US corners Third World arms market: Controls brushed aside in race for sales

AT A MOMENT when Washington is seeking to restrain Russian arms sales, the US has achieved dominance of the Third World arms market. Of the dollars 23.9bn (pounds 16bn) in arms supply agreements signed by Third World countries in 1992, the US share rose to 57 per cent compared with only 13 per cent five years before.

The US has taken over the Third World arms market largely by replacing the former Soviet Union, and through its political strength in the Middle East in the wake of the Gulf War, according to a report by the Congressional Research Service. Russia has terminated its credit and discount arrangements with its former customers and is trying to win contracts with Third World countries which pay in hard currency such as Iran, China and India.

The report, based on data from the US Defence Department and intelligence services, says the end of the Cold War has led to a change in the priorities of US defence industries. It says that because of the fall in defence procurement by the US armed forces 'American arms producers focused greater attention on obtaining additional foreign arms sales contracts to compensate, to the degree possible, for lost domestic orders.'

The imperative for US arms companies to sell abroad led to the virtual collapse of the attempt by the permanent five members of the UN Security Council to limit the size of arms sales to the Middle East. At the height of the presidential election campaign last year President Bush suddenly announced the sale of 150 F-16 fighter aircraft to Taiwan, leading to a boycott of the permanent five's discussions by China.

Saudi Arabia and the Gulf oil states continue to be the most important markets for US arms. New orders from Saudi Arabia were worth dollars 4.2bn and from Kuwait dollars 1.1bn in 1992, the biggest orders being for Patriot anti-missile missile batteries which are in demand because of their use against Iraqi Scud missiles during the Gulf war. French and British officials both expressed concern last year that they were losing their best arms markets in the Gulf to the US.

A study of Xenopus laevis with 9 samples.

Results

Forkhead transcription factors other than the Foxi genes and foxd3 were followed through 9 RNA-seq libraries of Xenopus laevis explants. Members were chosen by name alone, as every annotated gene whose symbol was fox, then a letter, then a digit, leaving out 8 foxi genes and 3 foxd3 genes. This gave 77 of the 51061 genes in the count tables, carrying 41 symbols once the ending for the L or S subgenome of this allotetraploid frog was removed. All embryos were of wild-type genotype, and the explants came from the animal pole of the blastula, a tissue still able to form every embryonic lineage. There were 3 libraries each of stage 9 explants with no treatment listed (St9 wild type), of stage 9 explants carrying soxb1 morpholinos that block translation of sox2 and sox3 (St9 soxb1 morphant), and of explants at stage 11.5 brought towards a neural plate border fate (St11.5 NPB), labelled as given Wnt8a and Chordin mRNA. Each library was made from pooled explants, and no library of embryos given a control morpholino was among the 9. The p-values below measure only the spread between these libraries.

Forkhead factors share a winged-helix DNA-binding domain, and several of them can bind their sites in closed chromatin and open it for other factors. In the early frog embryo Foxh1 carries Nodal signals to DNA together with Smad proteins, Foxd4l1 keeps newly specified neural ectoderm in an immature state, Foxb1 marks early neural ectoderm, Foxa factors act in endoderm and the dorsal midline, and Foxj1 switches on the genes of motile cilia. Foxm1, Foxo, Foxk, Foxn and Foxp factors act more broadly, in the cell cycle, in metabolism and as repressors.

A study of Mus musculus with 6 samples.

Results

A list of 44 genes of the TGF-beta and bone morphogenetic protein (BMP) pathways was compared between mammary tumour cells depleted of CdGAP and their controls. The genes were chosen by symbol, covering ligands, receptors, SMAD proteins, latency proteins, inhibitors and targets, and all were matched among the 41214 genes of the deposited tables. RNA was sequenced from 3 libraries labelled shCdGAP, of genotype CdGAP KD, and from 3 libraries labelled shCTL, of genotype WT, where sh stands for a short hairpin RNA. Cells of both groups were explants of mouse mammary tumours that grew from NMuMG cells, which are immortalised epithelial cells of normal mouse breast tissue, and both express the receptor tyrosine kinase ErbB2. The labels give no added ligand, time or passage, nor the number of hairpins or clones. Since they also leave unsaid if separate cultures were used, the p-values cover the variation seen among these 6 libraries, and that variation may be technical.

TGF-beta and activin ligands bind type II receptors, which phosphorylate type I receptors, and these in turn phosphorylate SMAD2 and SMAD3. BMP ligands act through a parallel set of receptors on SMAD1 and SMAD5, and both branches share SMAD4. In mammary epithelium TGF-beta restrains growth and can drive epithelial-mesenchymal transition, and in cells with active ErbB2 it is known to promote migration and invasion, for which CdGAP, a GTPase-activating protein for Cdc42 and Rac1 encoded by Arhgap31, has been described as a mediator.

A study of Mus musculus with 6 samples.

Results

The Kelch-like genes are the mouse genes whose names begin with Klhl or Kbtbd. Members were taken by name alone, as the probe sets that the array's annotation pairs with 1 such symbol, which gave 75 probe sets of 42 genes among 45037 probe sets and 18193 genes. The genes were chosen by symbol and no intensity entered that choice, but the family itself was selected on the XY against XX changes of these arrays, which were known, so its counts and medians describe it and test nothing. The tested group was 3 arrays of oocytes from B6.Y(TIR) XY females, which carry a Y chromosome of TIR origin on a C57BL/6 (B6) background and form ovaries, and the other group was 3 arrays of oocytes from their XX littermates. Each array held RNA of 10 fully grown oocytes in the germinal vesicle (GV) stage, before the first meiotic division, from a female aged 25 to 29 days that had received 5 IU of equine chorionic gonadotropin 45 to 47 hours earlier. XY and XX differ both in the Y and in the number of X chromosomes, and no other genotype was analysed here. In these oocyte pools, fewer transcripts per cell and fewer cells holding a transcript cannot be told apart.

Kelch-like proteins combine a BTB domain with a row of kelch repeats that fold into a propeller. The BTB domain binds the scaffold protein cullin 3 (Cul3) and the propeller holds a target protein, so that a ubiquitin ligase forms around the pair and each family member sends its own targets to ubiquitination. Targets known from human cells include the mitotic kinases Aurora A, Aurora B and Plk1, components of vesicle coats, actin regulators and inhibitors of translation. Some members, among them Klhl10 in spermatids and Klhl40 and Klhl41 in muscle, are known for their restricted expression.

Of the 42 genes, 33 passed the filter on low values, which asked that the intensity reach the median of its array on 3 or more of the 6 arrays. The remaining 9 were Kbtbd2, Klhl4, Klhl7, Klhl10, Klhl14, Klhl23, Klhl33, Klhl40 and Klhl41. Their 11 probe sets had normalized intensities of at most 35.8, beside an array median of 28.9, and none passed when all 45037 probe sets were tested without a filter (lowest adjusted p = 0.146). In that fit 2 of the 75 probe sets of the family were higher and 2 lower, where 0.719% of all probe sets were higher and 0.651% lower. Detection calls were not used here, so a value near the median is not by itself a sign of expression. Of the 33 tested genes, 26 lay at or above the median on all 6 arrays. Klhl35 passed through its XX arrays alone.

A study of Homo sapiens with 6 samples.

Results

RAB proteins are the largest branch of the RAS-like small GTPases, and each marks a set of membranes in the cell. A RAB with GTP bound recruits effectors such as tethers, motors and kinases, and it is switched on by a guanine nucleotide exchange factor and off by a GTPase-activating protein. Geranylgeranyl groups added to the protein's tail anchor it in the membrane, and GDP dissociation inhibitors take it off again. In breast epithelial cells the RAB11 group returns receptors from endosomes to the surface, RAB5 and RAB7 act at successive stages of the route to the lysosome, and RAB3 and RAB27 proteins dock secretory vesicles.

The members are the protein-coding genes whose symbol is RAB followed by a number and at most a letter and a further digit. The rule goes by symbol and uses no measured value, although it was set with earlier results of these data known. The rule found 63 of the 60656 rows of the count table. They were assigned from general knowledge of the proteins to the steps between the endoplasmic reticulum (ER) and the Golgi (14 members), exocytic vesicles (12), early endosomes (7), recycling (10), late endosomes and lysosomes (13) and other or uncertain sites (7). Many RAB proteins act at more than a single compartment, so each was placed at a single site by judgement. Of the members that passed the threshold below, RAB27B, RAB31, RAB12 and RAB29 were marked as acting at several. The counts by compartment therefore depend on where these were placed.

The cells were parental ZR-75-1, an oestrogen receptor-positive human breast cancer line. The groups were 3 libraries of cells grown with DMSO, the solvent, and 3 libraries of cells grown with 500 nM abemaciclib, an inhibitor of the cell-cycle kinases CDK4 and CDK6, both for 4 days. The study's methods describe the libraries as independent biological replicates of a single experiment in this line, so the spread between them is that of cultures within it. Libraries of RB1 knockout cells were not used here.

The league table of arms suppliers to the Third World shows dramatic changes over the last five years. The US won 57 per cent of the market in 1992, France was second with 16 per cent and Britain third with 10 per cent, while Russia had only 5 per cent of sales. China which won 12 per cent of global sales in 1987 had almost no new sales last year. The Chinese, like the Russians, were badly hit by the embargo on Iraq, formerly an important market. Russia is still owed some dollars 8bn by Iraq, according to diplomats in Baghdad.

Richard Grimmet, the defence specialist who prepared the report, says the Russians are trying to sell advanced weapons systems at competitive prices but 'Russia currently suffers from concerns by potential buyers that the industrial and political turmoil it has gone through during the break up of the Soviet Union, and still in prospect, may have made it an unreliable supplier of the spare parts and support services required to maintain its weaponry.' At the same time the highly publicised success of US weapons in the Gulf war has encouraged Middle East countries to buy them.

Arms deliveries to the Middle East have gone up and down as a result of two wars: the Iran-Iraq war and the Gulf war. The report says that in the seven years to 1992 arms exports to the Third World were dominated by Russia/Soviet Union with total sales of dollars 108bn, followed by the US (dollars 45bn), Britain (dollars 22bn), France (dollars 20bn) and China (dollars 12bn). The biggest customers over the same period were Saudi Arabia (dollars 52bn), Iraq (dollars 27bn) and India (dollars 19bn).